Heart medication may fights cancer

 
By Sheryl Kay • Published: May 6th, 2009
Category: Health in a Heartbeat

Published in the Proceedings of the National Academy of Sciences, the report indicates that because digoxin reduces levels of a protein that helps cancer cells survive, the afflicted cells die. Researchers demonstrated this by treating prostate cancer cells in a laboratory setting with digoxin and then observing significantly slower cell growth than in those not treated. Three days later there were fewer cancer cells and many cells had stopped growing altogether, compared with untreated cells.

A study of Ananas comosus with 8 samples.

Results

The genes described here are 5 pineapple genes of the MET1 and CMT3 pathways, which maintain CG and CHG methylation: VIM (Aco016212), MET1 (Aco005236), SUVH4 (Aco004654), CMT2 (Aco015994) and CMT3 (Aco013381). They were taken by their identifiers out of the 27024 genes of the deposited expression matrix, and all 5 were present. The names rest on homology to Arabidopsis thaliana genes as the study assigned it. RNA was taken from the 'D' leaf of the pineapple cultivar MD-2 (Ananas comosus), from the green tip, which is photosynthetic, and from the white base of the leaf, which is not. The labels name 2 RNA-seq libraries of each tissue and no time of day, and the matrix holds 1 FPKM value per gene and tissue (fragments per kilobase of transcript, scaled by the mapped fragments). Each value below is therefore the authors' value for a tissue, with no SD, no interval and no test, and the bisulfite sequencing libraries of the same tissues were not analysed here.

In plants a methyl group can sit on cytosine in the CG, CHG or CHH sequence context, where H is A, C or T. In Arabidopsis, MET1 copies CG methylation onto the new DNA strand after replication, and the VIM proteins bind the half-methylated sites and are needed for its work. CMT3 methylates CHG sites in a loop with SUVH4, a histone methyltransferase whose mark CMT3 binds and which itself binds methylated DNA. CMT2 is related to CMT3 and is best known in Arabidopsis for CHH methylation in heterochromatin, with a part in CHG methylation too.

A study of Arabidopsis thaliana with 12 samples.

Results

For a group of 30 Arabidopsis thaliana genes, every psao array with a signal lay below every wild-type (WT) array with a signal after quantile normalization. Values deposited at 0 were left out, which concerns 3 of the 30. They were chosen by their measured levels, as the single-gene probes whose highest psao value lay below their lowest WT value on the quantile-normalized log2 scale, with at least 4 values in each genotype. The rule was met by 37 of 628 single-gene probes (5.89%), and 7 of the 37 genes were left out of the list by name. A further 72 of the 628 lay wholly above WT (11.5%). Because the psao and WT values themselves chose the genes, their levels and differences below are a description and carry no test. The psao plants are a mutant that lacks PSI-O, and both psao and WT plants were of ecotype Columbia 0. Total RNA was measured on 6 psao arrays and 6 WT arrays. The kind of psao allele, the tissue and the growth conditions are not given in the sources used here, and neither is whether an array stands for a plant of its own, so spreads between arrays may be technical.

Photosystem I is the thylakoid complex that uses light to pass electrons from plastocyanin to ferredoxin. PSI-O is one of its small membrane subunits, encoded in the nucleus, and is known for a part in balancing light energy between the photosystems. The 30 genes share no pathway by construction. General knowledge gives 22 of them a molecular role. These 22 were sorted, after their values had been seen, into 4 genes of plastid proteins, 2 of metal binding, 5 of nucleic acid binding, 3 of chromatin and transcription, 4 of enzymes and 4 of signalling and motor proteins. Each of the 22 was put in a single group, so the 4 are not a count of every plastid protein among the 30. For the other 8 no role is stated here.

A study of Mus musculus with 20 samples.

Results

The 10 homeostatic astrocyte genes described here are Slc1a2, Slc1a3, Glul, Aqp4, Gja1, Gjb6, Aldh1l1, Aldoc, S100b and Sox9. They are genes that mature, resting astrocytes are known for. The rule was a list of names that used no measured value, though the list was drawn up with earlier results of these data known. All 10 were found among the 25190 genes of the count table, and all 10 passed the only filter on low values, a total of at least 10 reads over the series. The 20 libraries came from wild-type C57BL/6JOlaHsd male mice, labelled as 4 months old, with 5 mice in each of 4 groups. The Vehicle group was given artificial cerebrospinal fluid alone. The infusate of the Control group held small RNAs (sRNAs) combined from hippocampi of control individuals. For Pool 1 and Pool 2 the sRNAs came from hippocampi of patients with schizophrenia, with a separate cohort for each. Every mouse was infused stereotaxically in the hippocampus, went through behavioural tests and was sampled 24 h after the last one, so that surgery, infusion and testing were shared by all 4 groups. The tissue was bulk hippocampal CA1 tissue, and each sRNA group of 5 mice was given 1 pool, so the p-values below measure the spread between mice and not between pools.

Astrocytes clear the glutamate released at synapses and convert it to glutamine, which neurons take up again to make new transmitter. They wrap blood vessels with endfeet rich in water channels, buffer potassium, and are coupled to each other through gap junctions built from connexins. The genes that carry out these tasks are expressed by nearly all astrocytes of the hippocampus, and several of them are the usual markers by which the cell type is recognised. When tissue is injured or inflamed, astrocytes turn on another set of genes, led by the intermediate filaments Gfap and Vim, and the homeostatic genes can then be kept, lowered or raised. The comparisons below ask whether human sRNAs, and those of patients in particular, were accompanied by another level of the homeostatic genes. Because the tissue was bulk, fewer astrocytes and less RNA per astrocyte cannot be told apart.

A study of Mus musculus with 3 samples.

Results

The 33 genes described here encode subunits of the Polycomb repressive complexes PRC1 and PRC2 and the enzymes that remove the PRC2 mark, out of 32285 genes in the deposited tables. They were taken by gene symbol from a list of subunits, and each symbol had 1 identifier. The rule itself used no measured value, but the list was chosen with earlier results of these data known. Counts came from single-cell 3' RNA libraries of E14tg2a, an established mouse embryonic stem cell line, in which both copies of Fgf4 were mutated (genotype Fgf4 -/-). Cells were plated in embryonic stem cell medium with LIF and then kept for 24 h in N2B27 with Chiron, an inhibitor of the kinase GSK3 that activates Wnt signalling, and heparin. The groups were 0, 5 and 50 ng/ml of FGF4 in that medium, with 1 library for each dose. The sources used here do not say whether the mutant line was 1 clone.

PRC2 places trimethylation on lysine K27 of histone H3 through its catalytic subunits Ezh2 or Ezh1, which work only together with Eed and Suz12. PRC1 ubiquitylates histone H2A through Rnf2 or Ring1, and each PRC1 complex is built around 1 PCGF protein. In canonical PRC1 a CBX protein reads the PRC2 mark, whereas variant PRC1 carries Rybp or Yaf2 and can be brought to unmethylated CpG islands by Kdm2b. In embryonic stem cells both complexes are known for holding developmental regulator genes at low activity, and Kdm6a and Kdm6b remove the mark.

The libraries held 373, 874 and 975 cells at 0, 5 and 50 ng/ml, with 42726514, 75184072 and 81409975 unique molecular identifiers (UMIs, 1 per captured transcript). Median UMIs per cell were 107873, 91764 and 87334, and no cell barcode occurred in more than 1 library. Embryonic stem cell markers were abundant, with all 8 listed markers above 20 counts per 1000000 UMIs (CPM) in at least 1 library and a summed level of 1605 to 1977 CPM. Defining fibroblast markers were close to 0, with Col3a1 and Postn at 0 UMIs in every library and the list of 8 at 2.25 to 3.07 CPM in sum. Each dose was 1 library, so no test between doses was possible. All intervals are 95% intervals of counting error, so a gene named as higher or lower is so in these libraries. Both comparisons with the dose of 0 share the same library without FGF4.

Researchers then tested laboratory animals, injecting digoxin into mice with tumors. In the untreated mice, tumors could be felt after only nine days. But in those injected with digoxin, fifteen to twenty-eight days passed before the tumors grew big enough to be felt.

The researchers also looked at levels of the protein and noted that in the tumors of treated mice, the amount present was lower compared with the amount found in untreated mice. They concluded, therefore, that it was digoxin that reduced protein levels, slowing tumor growth.

Digoxin has been investigated before. In one study of nine-thousand patients taking digoxin, a strong correlation was found between high levels of the drug and a lower risk of leukemia, lymphoma, and kidney and urinary tract cancers.

Future research will compare digoxin’s cancer-fighting ability with its classic characteristic of regulating heart rhythm to hopefully improve both capabilities.